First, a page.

Is it just me, or should honesty and loyalty be common characteristics of NFL head coaches? This is not to say, by any means, that Gandhi should coach the Cowboys, however the actions of two coaches over the past months have been nothing short of classless.
Former Dolphins head coach Nick Saban has been renamed “Nick Satan” by many South Floridians. This is after Saban obviously lied to everyone in a press conference. You see, Saban is now employed by the University of Alabama. The former Michigan State and LSU head coach has returned to the collegiate ranks to coach the Crimson Tide.
Ever since Alabama finished their regular season with a 6-6 record and fired head coach Mike Shula, Saban was rumored to be one of the university’s leading candidates for replacement. When Shula was fired, Saban was just weeks away from finishing his second consecutive sub-.500 season since he left LSU just a couple of years ago. Nobody doubted the fact that Saban might be interested in returning to the college sidelines, where he had experienced tremendous success that included the 2004 BCS National Championship at LSU. When coaches in Saban’s position, employed by one organization while looking into other opportunities, are asked about their interest in jobs elsewhere, they typically respond with something to the effect of, “My focus is with the [current team.] We’re trying to win football games right now.” This simple line puts a coach’s players and fan base at ease while leaving all the coach’s options open. Saban didn’t take this approach. When asked about the prospects of his moving to Tuscaloosa, Saban replied, “I’m not going to be the Alabama head coach.”
There would be no coaching search in the Dolphins organization. This is why it was so disgusting to see Saban flee the coop so quickly following the Dolphins final game. It is impossible for any lie to be more blatant that Saban’s – he said one thing and proceeded to do the complete opposite. Putting Saban’s occupation aside completely, his actions were inexcusable as a human being.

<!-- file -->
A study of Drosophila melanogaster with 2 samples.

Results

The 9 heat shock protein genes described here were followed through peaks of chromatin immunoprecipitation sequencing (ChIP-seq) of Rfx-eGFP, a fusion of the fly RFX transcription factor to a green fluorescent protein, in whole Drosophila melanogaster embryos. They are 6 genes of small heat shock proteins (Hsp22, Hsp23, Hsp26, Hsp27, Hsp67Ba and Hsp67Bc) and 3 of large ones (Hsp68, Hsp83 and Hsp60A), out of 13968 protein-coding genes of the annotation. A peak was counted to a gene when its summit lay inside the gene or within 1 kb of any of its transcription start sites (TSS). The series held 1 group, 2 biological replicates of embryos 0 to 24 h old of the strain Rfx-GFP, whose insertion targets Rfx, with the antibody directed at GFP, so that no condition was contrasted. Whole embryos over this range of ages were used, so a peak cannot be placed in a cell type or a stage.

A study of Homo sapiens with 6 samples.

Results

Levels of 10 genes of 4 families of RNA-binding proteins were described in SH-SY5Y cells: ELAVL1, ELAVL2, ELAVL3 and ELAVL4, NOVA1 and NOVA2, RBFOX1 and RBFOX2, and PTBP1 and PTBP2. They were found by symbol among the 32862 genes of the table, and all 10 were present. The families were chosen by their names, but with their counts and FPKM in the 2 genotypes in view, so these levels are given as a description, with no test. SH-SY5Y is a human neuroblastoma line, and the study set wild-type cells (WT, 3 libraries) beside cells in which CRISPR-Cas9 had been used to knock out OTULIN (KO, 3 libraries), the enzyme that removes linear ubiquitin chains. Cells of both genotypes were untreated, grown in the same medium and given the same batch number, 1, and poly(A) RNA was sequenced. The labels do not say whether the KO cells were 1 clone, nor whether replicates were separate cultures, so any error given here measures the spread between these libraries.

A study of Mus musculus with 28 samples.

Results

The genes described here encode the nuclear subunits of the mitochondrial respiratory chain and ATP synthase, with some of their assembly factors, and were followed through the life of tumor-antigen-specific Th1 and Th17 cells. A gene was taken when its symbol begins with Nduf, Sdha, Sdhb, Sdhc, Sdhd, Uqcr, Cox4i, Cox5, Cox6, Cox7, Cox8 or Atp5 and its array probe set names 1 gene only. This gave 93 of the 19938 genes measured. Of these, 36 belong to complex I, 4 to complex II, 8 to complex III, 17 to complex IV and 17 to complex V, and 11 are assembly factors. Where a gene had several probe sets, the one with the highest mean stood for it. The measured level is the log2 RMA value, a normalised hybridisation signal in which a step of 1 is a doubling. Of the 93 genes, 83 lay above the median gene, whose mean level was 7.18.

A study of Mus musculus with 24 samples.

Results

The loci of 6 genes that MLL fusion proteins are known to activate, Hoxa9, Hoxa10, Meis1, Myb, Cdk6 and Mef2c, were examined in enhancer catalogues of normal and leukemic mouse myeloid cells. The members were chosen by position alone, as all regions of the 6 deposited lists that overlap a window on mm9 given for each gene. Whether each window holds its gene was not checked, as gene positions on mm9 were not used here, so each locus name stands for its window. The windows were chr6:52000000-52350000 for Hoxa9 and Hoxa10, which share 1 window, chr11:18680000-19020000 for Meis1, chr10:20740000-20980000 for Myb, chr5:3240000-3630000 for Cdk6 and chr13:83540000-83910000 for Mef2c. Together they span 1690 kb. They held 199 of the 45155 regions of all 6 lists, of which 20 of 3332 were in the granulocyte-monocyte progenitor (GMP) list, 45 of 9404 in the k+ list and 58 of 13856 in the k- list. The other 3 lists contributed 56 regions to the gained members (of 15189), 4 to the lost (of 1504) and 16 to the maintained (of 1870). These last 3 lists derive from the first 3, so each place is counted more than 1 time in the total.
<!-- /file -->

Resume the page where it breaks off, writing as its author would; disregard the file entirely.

The Atlanta Falcons’ head man, Jim Mora, Jr., decided to do a radio interview with his former college roommate at a small radio station in Washington around the same time as the Saban soap opera. Before the interview was over, Mora had admitted that the head coaching job at his alma mater, the University of Washington, had always been his dream job. In addition, he said that he would leave the Falcons in a second if offered the chance to coach the Huskies.
Needless to say, this was big news in the Atlanta area. After discussing the interview with his boss and Falcons owner Arthur Blank, Mora held a news conference in which he claimed the whole idea was a joke and that he was happy in his current situation. It hardly appeared to be any kind of joke to viewers.
As much as Saban’s players must have been happy to hear his original devotion to the Dolphins, the Falcons players were clearly affected by their coach’s lack of loyalty. Mora’s Falcons were beaten by an Eagles team playing all second and third string players in the last week of the season. Days later Mora was relieved of his duties as head coach.
Aside from the fact that Mora would have to be crazy to prefer coaching the struggling Huskies over Mike Vick, he showed no loyalty to the franchise that gave him his first and only opportunity to be an NFL head coach.
Mora and Saban are just the latest in an NFL head coaching fraternity that has seen Bill Belichick coach the Jets for a day and then take a better offer from the Patriots and Jon Gruden ask for a trade from the Raiders to the Buccaneers.
As the organizational faces of their respective franchises, coaches simply need to be better people and show some class as very public figures. Saban and Mora proved how pathetic a person can look when being completely honest or completely dishonest in the wrong situations.
Waldman is a member of the class of 2010.